Turning Customers into Brand Advocates

In September of 2016 Walmart acquired — one of the fastest growing startups in history — for approximately $3 billion. Much has been written about what constitutes “the secret sauce” behind Jet’s rapid growth (before the Walmart acquisition they’d garnered 3.5 million loyal fans). Jet CEO Marc Lore attributes the company’s success to its commitment to helping its customers save money:

“We’re going after a different type of customer with a different need. We are about saving people money and empowering them to shop in a smarter way. And our technology is built to help consumers and retailers pull costs out of the overall ecosystem. So it is a more efficient way to buy product.”

That’s certainly true, as is Jet’s success in creating an online experience that’s similar to what shoppers would find in a retail store. But there’s something else Jet does that inspires their customers.

If there’s a problem with your Jet order, you simply respond to their email confirmation and tell them what the problem is. Within minutes, you get a response — a highly personalized response from a real person. If there’s a missing item, you get a refund with that same email. Jet doesn’t just tell its customers that they’re important, it shows them. That’s what brand advocacy is all about.

What Drives Brand Advocacy?

Jet created millions of brand supporters by offering great features at a great price with great customer service — but what worked for Jet won’t necessarily work for other businesses. To understand what drives brand advocacy, social@Ogilvy explored advocacy mentions in social media and came up with the following list of advocacy drivers in the US:

      1. Product Features: 33%
      2. Price/Value: 24%
      3. Emotional Benefits: 20%
      4. Customer Service: 12%
      5. Advertising: 11%

While the research did reveal that advocacy drivers can differ sharply between markets and across product categories, it clearly suggests that brand advocates can’t be created through marketing alone. To turn users into advocates, a brand needs to understand what motivates its customers, tailor its brand promise to those expectations, and then deliver in a big way.

Here are three brands which managed to do just that:

1. Apple: Keeping It Simple

Technology can be complicated and difficult to understand. Apple gets over that hurdle by focusing on simplicity and relevance in its messaging. Take for example their product announcements for the iPhone 7. They first conducted research to find out what iPhone buyers care about most in their smartphones, then crafted their promise to deliver on those features in simple and direct language:

“iPhone 7 dramatically improves the most important aspects of the iPhone experience. It introduces advanced new camera systems. The best performance and battery life ever in an iPhone. Immersive stereo speakers. The brightest, most colorful iPhone display. Splash and water resistance. And it looks every bit as powerful as it is. This is iPhone 7.”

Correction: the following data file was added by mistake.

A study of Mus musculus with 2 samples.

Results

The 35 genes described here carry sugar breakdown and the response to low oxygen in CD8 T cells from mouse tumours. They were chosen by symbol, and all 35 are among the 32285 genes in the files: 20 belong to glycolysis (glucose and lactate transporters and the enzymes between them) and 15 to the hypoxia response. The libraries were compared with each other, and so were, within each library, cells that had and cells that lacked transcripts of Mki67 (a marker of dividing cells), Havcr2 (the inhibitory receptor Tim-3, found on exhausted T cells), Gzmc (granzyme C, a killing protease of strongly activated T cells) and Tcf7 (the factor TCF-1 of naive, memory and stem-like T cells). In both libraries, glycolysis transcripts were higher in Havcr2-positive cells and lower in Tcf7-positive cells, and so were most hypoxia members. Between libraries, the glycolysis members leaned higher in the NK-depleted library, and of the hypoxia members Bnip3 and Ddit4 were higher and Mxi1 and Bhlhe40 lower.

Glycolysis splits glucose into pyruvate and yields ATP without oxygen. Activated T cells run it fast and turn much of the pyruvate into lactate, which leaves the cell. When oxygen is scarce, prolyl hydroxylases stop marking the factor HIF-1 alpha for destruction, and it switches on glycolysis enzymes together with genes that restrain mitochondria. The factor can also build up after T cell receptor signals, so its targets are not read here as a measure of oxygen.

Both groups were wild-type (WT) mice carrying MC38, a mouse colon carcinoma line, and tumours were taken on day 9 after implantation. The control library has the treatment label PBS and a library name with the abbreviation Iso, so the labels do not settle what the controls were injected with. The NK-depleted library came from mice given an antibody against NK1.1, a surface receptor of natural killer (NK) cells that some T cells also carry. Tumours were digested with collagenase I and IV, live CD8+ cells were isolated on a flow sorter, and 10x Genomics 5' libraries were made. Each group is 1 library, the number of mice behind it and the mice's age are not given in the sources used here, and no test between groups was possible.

Key Takeaway: Take the time to find out what your customers care most about, and incorporate those concerns into your brand promise in simple, straightforward language. (And, of course, make sure your product does what you say it will!)

2. The Dollar Shave Club: Keeping It Consistent

Smartphones are arguably much easier to create a buzz about than shaving products — the razor blade is not exactly high-tech technology. Dollar Shave Club (DSC) solved that branding problem with humor. Take a look at their launch video, in which CEO Michael Dubin highlights the benefits of the company’s service in a bit that could have aired on Saturday Night Live — and that rapidly created a brand buzz around DSC that drew in thousands of eager customers and helped build a billion dollar business.

More important, DSC maintained that messaging through every aspect of the branding experience, from witty emails to inspired packaging. As DSC explained: “From our packaging to our digital presence, the DSC brand identity informs everything we do.”

Key Takeaway: Integrate your brand promise into every piece of marketing and every customer touchpoint. Consistent, smart messaging reinforces the brand’s promise and image, and helps inspire the kind of trust which turns customers into brand advocates.

3. IKEA: Keeping It Real

IKEA’s brand vision is both simple and powerful: “to create a better everyday life…. to offer a wide range of well-designed, functional home furnishing products at prices so low, that as many people as possible will be able to afford them.”

Keeping that promise, however, means thoroughly understanding what “a better everyday life” means to its customers. Naturally, IKEA conducted consumer research to explore customer concerns about cost, product assembly, and the like — but they went one step further, sending design experts right into people’s homes and beginning a one-on-one conversation that’s become a hallmark of their branding success.

Key Takeaway: Keep your brand authentic by taking your research a step further and starting a conversation with your customers. You can’t necessarily visit your customers’ homes the way IKEA does, but you can initiate and follow conversations on social media sites, provide feedback loops on your website, and even carefully analyze online product reviews.


Consumers start to become brand advocates the moment they begin to think of a brand as a friend, someone they like and trust. As you consider the strategies you want to employ in a brand advocacy campaign, think about the qualities you look for in your best friends. Great friends are often seen as honest, reassuring, and always ready to talk — and so are great brands.